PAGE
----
London council rejects station amendment plan to allow Jewish sect to travel on Tube


A proposed 'second roof' was sought by Kohanim group citing concerns over nearby science museum containing body parts

An image of the proposed structure at South Kensington Tube station
An image of the proposed structure at South Kensington Tube station

A London borough has rejected an application to erect “a second roof” over an Underground station entrance so that a Jewish religious sect can enter.

Applicants had asked that South Kensington station be altered because the nearby Science Museum shares the same roof as the Underground line.

The Kohanim, a sect based on priestly lineage, asked for the changes because the museum contains human remains. They say this means they cannot use the Tube at South Kensington unless a second roof “breaks the connection to the museum”.

In the planning application – which was rejected by the Borough of Kensington and Chelsea – consultants for the Kohanim explained the problem.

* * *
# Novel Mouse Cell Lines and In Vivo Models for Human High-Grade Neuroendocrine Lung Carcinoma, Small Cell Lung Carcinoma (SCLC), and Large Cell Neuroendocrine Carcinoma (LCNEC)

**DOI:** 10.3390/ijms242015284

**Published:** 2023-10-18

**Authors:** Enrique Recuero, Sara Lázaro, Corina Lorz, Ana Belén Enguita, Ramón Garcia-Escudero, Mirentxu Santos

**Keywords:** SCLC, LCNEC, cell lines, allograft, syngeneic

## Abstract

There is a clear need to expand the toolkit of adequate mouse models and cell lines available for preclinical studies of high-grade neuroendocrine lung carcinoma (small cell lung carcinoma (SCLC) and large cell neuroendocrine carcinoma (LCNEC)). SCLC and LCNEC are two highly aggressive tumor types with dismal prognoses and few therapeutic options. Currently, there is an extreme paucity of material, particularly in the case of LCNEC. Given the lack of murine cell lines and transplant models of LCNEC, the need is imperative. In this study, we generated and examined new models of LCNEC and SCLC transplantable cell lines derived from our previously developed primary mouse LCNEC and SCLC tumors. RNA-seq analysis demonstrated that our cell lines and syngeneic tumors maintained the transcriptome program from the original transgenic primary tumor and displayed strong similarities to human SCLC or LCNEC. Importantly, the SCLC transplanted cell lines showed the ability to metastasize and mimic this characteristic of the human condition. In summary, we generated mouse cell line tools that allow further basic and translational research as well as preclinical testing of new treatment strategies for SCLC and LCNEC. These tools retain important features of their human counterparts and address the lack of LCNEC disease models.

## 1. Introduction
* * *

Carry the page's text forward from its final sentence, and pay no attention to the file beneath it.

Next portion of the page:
“They [the Kohanim] have special rules and guidelines on how to behave that still go on until this day in age,” it said. “One is not to come in any shape or form in contact with a deceased (exceptions are made for immediate family), even not being under one roof.”

Applicants wanted the arched roof to be inscribed with explanatory text stating that “a Cohen (a person of priestly lineage) is forbidden to allow himself to become contaminated with negative spiritual forces, such as those emanating from a corpse.

“One of the ways of these forces being transmitted is by being under the same roof as the corpse, and therefore a Cohen must avoid entering any covered area containing one.”

The application met with several objections, including from the Knightsbridge Planning Association, with many citing the building’s heritage. A spokeswoman said the proposal was “incongruous” and “out-of-keeping”.

The station is Grade II listed and the council said the structural amendments – based on the size, design, and location – could do “irreparable harm” that would not be outweighed by the public good.

Rabbi Dünner of the Union of Orthodox Hebrew Congregations, an umbrella group, sought to make adjustments, such as by omitting the explanatory text on the structure, but councillors still rejected the proposal.